Jalapeno Cream Cheese Burgers
Do you love cheese burgers but want a little extra pizzazz? Then you’ve gotta check out this amazing recipe for Jalapeño Cream Cheese Burgers! This is the ultimate hybrid dish if there ever was one – a magnificent combination of Jalapeño Poppers and the classic Cheese Burger. First things first! Let’s take an up close and personal look at jalapeño peppers in all of their glory. These are actually one of the most popular peppers in the world. Did you know we can trace them as far back as the Aztecs? The ancients would smoke these lovely chilis to preserve them. Jalapeños are quite fleshy peppers, and so when left to dry naturally, they would often rot instead. When jalapeños are smoked and dried, however, they are perfect. In this form, they are frequently called “chipotle.” Smoking them really tends to bring out their magnificent flavour. These spicy green peppers received their name from “Xalapa” which is the capital of Veracruz, Mexico. In North America, we just call them jalapeños.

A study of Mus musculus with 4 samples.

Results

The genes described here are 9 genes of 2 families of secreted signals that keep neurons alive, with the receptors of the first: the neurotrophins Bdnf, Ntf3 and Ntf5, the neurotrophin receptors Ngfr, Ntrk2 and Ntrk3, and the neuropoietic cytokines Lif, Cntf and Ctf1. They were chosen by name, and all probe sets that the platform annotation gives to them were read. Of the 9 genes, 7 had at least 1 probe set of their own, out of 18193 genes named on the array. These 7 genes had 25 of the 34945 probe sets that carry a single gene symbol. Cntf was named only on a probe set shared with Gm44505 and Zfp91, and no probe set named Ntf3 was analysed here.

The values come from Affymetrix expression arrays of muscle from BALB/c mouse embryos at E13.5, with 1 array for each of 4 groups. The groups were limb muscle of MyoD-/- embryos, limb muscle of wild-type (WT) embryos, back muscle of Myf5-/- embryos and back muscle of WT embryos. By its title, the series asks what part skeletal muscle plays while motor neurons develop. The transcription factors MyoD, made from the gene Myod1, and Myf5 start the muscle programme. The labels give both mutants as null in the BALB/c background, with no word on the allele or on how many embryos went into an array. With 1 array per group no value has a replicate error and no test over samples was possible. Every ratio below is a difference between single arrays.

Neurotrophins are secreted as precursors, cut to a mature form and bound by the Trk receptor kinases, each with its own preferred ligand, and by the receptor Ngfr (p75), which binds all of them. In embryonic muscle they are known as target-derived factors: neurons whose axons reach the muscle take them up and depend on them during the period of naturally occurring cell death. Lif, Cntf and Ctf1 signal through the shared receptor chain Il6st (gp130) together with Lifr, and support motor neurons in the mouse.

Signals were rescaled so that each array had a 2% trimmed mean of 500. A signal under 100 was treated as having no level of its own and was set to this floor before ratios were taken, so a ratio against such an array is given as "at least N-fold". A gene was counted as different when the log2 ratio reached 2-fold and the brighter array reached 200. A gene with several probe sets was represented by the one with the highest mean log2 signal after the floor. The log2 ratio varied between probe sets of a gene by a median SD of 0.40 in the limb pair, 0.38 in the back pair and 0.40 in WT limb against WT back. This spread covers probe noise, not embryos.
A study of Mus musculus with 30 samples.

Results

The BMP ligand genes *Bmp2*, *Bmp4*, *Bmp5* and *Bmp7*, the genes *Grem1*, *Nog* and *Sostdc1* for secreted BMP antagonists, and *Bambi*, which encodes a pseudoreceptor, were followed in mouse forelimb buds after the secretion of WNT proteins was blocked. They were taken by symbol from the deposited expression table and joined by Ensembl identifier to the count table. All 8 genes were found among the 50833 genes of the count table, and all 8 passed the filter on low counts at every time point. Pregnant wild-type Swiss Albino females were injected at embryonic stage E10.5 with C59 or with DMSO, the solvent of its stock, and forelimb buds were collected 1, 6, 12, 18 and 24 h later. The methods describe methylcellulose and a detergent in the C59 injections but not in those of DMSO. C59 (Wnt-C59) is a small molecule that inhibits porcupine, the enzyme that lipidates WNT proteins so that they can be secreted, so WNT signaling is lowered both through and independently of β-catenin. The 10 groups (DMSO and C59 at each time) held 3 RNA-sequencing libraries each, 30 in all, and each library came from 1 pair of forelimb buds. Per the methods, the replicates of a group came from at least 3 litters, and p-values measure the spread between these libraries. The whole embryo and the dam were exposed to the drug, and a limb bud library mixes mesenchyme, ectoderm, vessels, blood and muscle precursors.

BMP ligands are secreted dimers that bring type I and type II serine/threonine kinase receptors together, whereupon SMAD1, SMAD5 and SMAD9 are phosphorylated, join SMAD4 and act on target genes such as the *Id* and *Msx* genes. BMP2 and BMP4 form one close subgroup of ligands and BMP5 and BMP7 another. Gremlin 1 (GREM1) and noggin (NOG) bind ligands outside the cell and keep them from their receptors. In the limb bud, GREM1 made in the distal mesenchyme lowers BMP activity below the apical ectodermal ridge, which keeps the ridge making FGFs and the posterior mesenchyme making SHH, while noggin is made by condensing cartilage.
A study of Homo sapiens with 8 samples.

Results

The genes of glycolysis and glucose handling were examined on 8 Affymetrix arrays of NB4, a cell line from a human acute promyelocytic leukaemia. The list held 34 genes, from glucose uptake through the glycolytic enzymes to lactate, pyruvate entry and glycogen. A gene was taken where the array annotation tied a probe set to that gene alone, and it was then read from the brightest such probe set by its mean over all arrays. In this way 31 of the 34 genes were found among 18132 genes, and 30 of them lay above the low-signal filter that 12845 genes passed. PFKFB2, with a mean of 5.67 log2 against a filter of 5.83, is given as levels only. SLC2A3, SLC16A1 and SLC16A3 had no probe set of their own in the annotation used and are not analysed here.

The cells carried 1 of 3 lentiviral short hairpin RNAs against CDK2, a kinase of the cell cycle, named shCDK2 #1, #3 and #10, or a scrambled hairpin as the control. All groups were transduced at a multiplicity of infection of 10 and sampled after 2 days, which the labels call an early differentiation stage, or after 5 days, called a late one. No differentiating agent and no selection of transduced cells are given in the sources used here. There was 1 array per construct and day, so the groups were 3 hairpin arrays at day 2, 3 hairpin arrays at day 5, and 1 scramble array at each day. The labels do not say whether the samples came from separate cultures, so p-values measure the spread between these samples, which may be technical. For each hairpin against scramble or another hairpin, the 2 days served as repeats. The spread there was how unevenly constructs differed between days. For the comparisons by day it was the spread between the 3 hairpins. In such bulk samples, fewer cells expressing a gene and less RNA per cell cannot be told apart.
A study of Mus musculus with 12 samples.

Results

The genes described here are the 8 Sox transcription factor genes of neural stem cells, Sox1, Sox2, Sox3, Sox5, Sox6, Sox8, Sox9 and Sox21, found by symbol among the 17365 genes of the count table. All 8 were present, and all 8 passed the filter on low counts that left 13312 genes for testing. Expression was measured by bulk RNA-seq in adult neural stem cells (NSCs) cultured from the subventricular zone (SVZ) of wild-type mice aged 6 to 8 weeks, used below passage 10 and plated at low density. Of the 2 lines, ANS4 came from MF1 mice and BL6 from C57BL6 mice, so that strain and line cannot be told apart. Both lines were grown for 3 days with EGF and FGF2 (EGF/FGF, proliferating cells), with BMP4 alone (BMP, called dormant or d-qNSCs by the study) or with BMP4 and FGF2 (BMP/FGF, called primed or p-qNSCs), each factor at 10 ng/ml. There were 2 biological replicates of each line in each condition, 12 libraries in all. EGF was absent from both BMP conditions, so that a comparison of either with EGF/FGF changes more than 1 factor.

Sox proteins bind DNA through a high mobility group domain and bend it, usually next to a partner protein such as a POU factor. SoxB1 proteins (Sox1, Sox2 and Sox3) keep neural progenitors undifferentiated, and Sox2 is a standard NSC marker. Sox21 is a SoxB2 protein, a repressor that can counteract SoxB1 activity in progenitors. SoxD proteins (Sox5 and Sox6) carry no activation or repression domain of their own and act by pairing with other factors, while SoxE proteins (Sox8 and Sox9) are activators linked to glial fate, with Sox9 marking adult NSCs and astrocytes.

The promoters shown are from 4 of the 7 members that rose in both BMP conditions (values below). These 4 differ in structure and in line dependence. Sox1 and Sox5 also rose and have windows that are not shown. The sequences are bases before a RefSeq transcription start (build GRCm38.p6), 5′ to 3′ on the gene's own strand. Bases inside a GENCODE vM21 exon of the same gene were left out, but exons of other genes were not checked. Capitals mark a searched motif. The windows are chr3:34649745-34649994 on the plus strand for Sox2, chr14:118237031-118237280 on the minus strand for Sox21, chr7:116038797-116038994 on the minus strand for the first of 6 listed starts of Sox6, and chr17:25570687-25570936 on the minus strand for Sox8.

And what about the classic American cheeseburger? Where in the world did that bright idea come from? Well there are actually several claims, but one of the most popular is that the hamburger originally came from a man by the name of Otto Kuase who resided in Hamburg Germany. It caught on in America and gained national notoriety in 1904 when it was featured at the St. Louis World’s Fair and the New York Tribune first wrote about it. Of course, it wasn’t too long before people started melting yummy cheese all over it and the rest is history. And over at The Two Bite Club, they’re making history all over again by combining these two tasty favourites – cheeseburgers and jalapeño poppers, making a new dish famous all over again.
Want to learn more? Then head on over to the “The Two Bite Club” website by following the link in the description below!
Cheese is a food that is derived from milk and produced in a wide range of flavors, textures, and forms by coagulation of the milk protein casein. It uses the proteins and fat from milk, usually the milk of cows, buffalo, goats, or sheep. During cheese production, the milk is usually acidified, and adding the enzyme rennet causes coagulation. The solids are separated and pressed into final form. Some cheeses have molds on the rind or throughout. Most cheeses melt at cooking temperature. Hundreds of types of cheese from various countries are produced, the styles, textures and flavors depend on the origin of the milk, whether they have been pasteurized, the butterfat content, the bacteria and mold, the processing, and aging.
In America, bacon is most often cured and smoked, and different flavours can be achieved by using a variety of wood, or rarely corn cobs. This process of smoking and curing can take up to eighteen hours, depending on the intensity of the flavour desired.